NCC Greenbelt Review and Mountain Biking: Part Three

This is the third part of a series of blog postings on the National Capital Commission's Greenbelt Master Plan Review as it relates to mountain biking. The last posting will be my personal submission on Mountain Biking in the National Capital Greenbelt.

This link will take you directly to the Review of the 1996 Greenbelt Master Plan.

Managing Recreation and Mountain Biking

In this post we will look at the NCC document entitled Managing Recreation as well as other information on their web site relating to NCC policies on trails, cycling and mountain biking.

The document Managing Recreation states:

Over 100 kilometres of trails have been developed for recreational use in the Greenbelt (skiing, snowshoeing, hiking and birdwatching), and the Greenbelt Pathway is under development with links to the recreational pathway system (in the Capital region), the Rideau Trail (Ottawa to Kingston) and the Trans Canada Trail (across Canada). A number of recreational facilities such as campgrounds, riding schools, municipal sports fields, golf courses and two leash-free areas for dog walking can also be found in the Greenbelt.

The Greenbelt Pathway

The Greenbelt Pathway is planned to be a continuous 56-kilometre recreational pathway that will provide a unique experience from Shirley’s Bay in the west to Green’s Creek in the east.

Its objectives are:

- to connect key visitor attractions and link with other pathways in Canada’s Capital Region
- to provide a unique rural experience along the Capital’s integrated Recreational Pathway Network
My understanding is that cycling is only officially allowed on the “recreational pathways” and not the “trails”. We will examine the document Biking Country to try and find a clear statement of that policy.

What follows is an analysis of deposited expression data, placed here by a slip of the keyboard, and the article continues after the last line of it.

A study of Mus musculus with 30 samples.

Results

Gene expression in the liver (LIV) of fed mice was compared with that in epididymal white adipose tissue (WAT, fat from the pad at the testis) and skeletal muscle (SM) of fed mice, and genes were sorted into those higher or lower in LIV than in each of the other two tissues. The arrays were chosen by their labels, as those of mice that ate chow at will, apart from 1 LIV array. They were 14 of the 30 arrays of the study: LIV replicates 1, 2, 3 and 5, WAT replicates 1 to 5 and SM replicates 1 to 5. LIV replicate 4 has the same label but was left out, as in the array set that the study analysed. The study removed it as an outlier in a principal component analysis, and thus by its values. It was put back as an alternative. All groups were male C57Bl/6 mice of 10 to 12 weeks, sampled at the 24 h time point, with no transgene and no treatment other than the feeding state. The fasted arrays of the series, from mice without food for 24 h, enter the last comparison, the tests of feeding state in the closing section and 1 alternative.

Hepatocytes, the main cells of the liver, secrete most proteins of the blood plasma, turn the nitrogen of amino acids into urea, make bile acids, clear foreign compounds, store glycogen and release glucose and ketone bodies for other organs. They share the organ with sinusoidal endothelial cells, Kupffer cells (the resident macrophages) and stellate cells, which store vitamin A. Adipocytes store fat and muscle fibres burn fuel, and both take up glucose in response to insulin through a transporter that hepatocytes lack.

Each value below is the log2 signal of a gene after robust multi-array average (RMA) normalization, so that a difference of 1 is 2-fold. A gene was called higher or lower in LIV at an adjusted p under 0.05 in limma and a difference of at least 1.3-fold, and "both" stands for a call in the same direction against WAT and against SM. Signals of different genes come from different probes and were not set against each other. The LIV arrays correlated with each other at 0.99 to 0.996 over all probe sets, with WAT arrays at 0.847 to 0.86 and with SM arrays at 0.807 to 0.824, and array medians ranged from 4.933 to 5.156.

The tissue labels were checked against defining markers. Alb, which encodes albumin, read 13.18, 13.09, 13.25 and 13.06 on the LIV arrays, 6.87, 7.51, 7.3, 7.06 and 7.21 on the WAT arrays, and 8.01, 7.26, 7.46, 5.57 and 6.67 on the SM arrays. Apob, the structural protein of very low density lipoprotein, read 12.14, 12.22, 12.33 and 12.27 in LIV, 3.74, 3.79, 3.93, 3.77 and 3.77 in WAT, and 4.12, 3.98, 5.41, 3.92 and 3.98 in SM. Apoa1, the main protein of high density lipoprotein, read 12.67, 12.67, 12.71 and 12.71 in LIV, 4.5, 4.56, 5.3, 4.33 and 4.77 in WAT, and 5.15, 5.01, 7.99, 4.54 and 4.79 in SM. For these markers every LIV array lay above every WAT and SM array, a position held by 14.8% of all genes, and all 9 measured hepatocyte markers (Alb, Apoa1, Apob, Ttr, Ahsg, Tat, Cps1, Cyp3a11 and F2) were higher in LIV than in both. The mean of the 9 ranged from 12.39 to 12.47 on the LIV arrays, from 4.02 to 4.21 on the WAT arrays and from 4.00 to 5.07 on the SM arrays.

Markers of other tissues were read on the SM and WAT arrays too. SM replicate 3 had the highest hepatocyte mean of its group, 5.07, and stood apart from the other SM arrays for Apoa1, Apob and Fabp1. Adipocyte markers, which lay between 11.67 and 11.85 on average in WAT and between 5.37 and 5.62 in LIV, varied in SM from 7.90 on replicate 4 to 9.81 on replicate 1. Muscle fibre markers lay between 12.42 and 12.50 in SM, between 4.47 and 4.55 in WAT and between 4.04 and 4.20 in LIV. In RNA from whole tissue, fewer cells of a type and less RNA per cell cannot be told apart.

The document The Capital Pathway states:
Canada’s Capital Region is home to one of North America’s largest networks of cycling pathways — the Capital Pathway network. More than 170 kilometres of recreational pathways link superb natural areas, parks, gardens, museums and attractions. The paths are great for cycling and many other activities such as walking, jogging and in-line skating. Come and fill up on fresh air!
The Map of the Capital Pathway makes it clear that this only includes paved and hard packed surface pathways and not the natural trails in the Greenbelt.

The chart of recommended activities on the NCC Greenbelt Map indicates that “biking” is only recommended on the “pathways” and on none of the “trails”.

Nothing in the review documents that I have seen indicates that these specific policies are under review, but everything I have seen in the documentation so far has been very general.

The only reference on the NCC website to mountain biking seems to be the section on Mountain Biking in Gatineau Park.

So the clearest statement of current policy we seem to have is the email that we received from an NCC representative dated May 12, 2006:
We know that there is a lot of interest in off-road riding on Greenbelt hiking trails. On the other hand, section (16) of the NCC Traffic & Property Regulations states..."No person shall ride a bicycle on property of the Commission other than a driveway or on a bicycle path set aside by the Commission for the purpose...". While we have not actively tried to enforce this particular regulation, we do not condone the practice. There are long-term impacts on the trails and surrounding area, particularly rutting, trail erosion, trail widening as users veer off the designated route to avoid ruts and muddy surface, and destruction of adjacent vegetation. In the winter, we want to discourage bike riders who may travel across groomed ski tracks.
I will be watching for further information on the Greenbelt Master Plan Review to be posted on the NCC web site and for notices of public meetings and will report them on my blog. I will now begin drafting my personal submission on Mountain Biking on the Greenbelt Trails.